In the realm of slasher movies, few franchises can compare to Halloween. John Carpenter's beloved indie fright fest scared its way into theaters back in 1978, and Michael Myers' legacy as a terrifying icon has been cemented in the annals of horror history ever since. There has been ample talk of another Halloween movie for years, and now it looks like it's finally going to happen next year -- just in time for the original's fortieth anniversary. Moreover, it appears that a family reunion on the horizon, as Jamie Lee Curtis has officially signed on for the new Halloween as Laurie Strode. Check out the iconic Scream Queen's tweet below.
If you're a fan of the original Halloween, then virtually every pixel of that photo should ooze nostalgia for you. From the leaves on the ground to the lighting on the porch, everything about the announcement for this tenth Halloween film -- which will debut in theaters on October 19, 2018 -- invokes the imagery of the original. Even Laurie's outfit is identical to the one seen during her Halloween night babysitting Tommy Doyle in 1978, and Michael's mask looks closer to the original than anything seen in any of the subsequent sequels. This is Halloween in its purest form.
As far as continuity goes, it looks like Halloween is primarily picking up after the events of the first two films, with Laurie Strode still haunted by the events of 1978 four decades after Dr. Sam Loomis seemingly killed The Shape in a fiery explosion in Haddonfield Hospital. It looks like this iteration of Halloween is going to ignore everything that came after Halloween II (as well as the Rob Zombie reboots), but we will have to wait and see if characters like Danielle Harris' Jamie Lloyd or Josh Hartnett's John Strode still exist in this version of the timeline.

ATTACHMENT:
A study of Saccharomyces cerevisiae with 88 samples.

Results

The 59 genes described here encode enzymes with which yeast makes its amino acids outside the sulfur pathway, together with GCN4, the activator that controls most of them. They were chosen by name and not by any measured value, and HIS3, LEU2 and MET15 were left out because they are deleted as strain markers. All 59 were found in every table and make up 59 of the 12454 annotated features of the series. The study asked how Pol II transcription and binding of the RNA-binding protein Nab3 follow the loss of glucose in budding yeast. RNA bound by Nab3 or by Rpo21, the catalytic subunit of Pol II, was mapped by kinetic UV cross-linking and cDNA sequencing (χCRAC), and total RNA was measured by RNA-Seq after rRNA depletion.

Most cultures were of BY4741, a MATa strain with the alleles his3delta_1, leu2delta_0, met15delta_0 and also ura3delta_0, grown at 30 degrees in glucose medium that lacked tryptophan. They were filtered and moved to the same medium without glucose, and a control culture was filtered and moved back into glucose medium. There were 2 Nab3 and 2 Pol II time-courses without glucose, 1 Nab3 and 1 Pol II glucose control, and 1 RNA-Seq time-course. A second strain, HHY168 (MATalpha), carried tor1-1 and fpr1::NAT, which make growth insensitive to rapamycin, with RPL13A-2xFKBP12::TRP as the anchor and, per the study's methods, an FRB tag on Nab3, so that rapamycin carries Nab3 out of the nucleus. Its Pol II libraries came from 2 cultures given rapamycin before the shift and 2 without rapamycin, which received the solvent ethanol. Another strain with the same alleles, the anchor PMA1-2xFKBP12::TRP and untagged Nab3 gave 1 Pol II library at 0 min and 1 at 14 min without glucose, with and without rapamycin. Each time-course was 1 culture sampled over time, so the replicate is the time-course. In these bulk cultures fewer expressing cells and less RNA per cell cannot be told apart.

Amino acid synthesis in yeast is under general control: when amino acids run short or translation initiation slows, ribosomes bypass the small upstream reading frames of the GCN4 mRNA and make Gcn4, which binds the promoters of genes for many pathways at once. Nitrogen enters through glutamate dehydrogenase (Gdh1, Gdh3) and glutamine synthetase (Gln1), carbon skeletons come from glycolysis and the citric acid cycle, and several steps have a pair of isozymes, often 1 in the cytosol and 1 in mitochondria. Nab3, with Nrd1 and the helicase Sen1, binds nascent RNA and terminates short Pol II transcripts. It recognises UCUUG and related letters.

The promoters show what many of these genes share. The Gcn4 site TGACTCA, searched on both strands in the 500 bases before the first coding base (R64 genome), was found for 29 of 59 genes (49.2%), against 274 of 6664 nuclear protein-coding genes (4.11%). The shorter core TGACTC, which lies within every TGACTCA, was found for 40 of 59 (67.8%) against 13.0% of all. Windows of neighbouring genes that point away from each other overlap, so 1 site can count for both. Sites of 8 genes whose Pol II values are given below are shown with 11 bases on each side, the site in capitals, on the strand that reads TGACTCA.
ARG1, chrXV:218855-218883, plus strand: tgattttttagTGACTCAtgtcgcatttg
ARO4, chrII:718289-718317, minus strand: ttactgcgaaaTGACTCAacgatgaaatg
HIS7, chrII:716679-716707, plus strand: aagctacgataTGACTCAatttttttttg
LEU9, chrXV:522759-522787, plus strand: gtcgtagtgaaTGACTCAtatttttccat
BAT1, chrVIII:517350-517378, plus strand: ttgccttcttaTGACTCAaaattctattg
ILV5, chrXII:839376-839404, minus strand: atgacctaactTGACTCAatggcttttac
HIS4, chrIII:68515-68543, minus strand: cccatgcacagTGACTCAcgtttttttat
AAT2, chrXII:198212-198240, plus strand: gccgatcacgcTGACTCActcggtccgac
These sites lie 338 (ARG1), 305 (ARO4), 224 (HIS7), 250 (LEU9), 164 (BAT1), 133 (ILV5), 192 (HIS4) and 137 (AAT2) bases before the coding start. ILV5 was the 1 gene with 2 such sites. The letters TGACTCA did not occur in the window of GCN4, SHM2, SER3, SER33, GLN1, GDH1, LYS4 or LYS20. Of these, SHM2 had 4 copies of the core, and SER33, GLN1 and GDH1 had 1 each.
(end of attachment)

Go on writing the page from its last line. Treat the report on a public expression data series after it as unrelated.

This also means that Halloween: Resurrection definitely never took place in this timeline because Laurie Strode unceremoniously died by her brother Michael's hand at the beginning of the 2002 sequel. If Halloween: Resurrection doesn't exist in this timeline, then it also means that the events of Halloween: H20 never took place as well. All in all, it looks like Halloween is generally aiming for a fresh start with this long-awaited sequel, and that's something worth getting excited for.
Things are looking just as promising behind the scenes as they are in front of the camera, as Halloween seems to have assembled a crack team to bring this story home. Blumhouse Productions has already established a strong reputation for horror over the last few years (particular with films like Get_ Out, _Hush, and The Purge franchise), and the project has also enlisted Danny McBride and David Gordon Green to develop the story -- with Green also attached to direct. Perhaps most importantly, Halloween has finally brought back original director John Carpenter as an executive producer -- which, if nothing else, could help add legitimacy among real horror fans.